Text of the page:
Climate crisis: The world is in ‘grave danger’ because of billionaires’ emissions

BILLIONAIRES “excessive emissions” are placing the world in “graver peril” from climate changeCampaigners have warned.

Activists made these comments after new research revealed that the carbon footprints for the richest 1% will be 30 times more than what is necessary to keep global warming below 1.5C by the end of 2010.

Nevertheless, the carbon footprints for the poorest half the world’s population will remain many times lower than that.

The COP26 summit, currently held in Glasgow, aims to keep global warming under 1.5C. 

The authors of the new report called for governments to bring in measures to “constrain luxury carbon consumption like mega yachts, private jets and space travel”.

READ MORE COP26: Nicola Sturgeon urged to intervene in policing of protests

It comes after three of the world’s billionaires have entered into a commercial space race.

Sir Richard Branson, founder of Virgin Galactic, made it to the edge in his Virgin Galactic rocket airplane on July 11, shortly followed by Jeff Bezos, Amazon founder who made a brief trip into space on his New Shepard rocket vessel on July 20, while Elon Musk is currently working on a vehicle that will take humans to Mars via his private spaceflight company SpaceX.

The Paris Agreement was signed in December 2015, and the report shows that the richest 1 percent are on track to have a greater share of global emissions.

It adds that the climate and inequality crises are “closely interwoven” and that the share of total global emissions associated with the consumption of the richest 1% is set to continue to grow, from 13% in 1990, to 15% in 2015 and 16% in 2030.

Jamie Livingstone, head of Oxfam Scotland, said: “The luxury lifestyles and continued plundering of the planet by the world’s richest people are placing us all in ever graver peril.

“The lifetime emissions from a single billionaire space flight exceeds those of the poorest billion people on Earth,”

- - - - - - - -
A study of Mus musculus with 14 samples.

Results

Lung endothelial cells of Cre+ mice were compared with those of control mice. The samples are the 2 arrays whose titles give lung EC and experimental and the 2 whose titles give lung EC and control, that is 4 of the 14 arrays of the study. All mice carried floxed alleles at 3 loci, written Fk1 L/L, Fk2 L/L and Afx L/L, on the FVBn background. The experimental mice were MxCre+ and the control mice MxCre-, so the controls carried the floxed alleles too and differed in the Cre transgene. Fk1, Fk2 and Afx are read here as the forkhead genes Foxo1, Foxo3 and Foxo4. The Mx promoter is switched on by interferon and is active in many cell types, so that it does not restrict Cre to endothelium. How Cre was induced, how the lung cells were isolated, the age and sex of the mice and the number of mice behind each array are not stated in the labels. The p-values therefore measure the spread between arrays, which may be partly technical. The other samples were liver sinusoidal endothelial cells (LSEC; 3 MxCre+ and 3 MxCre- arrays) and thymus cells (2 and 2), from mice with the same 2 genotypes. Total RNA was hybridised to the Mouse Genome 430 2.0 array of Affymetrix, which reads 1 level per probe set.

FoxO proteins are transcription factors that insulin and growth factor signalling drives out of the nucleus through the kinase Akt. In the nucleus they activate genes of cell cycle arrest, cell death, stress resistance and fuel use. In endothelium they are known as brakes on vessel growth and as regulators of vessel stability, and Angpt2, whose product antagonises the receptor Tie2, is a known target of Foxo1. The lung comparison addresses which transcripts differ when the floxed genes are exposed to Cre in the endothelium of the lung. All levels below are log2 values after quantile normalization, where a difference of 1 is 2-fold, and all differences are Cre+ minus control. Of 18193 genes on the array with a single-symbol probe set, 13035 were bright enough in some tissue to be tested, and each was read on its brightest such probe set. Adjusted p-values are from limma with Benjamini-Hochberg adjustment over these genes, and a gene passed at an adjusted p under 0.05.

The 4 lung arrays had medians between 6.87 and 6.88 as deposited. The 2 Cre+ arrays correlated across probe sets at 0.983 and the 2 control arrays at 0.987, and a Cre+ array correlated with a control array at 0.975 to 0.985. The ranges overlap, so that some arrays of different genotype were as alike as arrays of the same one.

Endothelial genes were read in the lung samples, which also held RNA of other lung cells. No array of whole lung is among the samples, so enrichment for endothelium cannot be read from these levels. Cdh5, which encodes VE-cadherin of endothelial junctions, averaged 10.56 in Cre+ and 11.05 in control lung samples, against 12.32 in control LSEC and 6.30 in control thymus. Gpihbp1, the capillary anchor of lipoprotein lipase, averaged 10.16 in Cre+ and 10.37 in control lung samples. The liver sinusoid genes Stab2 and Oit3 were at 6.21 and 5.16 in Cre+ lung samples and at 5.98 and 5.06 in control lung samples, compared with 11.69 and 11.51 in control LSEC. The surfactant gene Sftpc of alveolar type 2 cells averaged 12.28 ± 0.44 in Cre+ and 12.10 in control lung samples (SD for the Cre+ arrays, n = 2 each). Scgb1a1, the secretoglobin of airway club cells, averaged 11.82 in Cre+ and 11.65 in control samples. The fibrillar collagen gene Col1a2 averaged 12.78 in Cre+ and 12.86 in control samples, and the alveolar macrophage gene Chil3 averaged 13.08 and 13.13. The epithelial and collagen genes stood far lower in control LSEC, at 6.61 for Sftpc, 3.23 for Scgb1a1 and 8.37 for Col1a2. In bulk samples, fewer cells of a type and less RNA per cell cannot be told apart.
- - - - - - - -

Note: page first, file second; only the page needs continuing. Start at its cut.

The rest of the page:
The National:


“COP26 is a moment of truth in the fight against climate change: global leaders must agree ways to curb excessive emissions and limit global heating and they must do it here and now in Glasgow. Delay costs lives.”

The study, commissioned by Oxfam, based on research carried out by the Institute for European Environmental Policy (IEEP) and the Stockholm Environment Institute (SEI), estimates how the government’s pledges will affect the carbon footprints of the world’s richest and poorests, treating the global population and income groups as a single country.

Scientists have stated that to reach the Paris summit goal, every person on the planet would need to reduce their CO2 emissions to 2.3 tonnes by 2030.

This is approximately half of the average carbon footprint.

READ MORE COP26: Boris Johnson’s forest deal ‘unfair’ says Indonesian minister

Oxfam’s commissioned study revealed that the richest 1 percent are likely to exceed this limit 30x.


“To close the emissions gap by 2030, it is necessary for governments to target measures at their richest, highest emitters – the climate and inequality crises should be tackled together.”

Emily Ghosh, Scientist at Stockholm Environment Institute added: “If we continue on the same trajectory as today the stark inequalities in income and emissions across the global population will remain, challenging the equity principle at the very heart of the Paris Agreement.


Professor Len Shackleton from the Institute of Economic Affairs, a free-market think tank, called the research “anti-rich”.

He said: Oxfam’s proposals are extremely dangerous in setting a precedent for governments to interfere in private activities on the basis of vague assertions about damage to the planet.

“While it is hardly surprising that billionaires have a larger carbon footprint than the rest of us, it is also true that even the poorest person in the UK has a much higher footprint than a poor person in sub-Saharan Africa.

“The same specious reasoning could be used to forbid ordinary people from holidaying abroad, driving a car, having baths instead of showers, or eating meat.”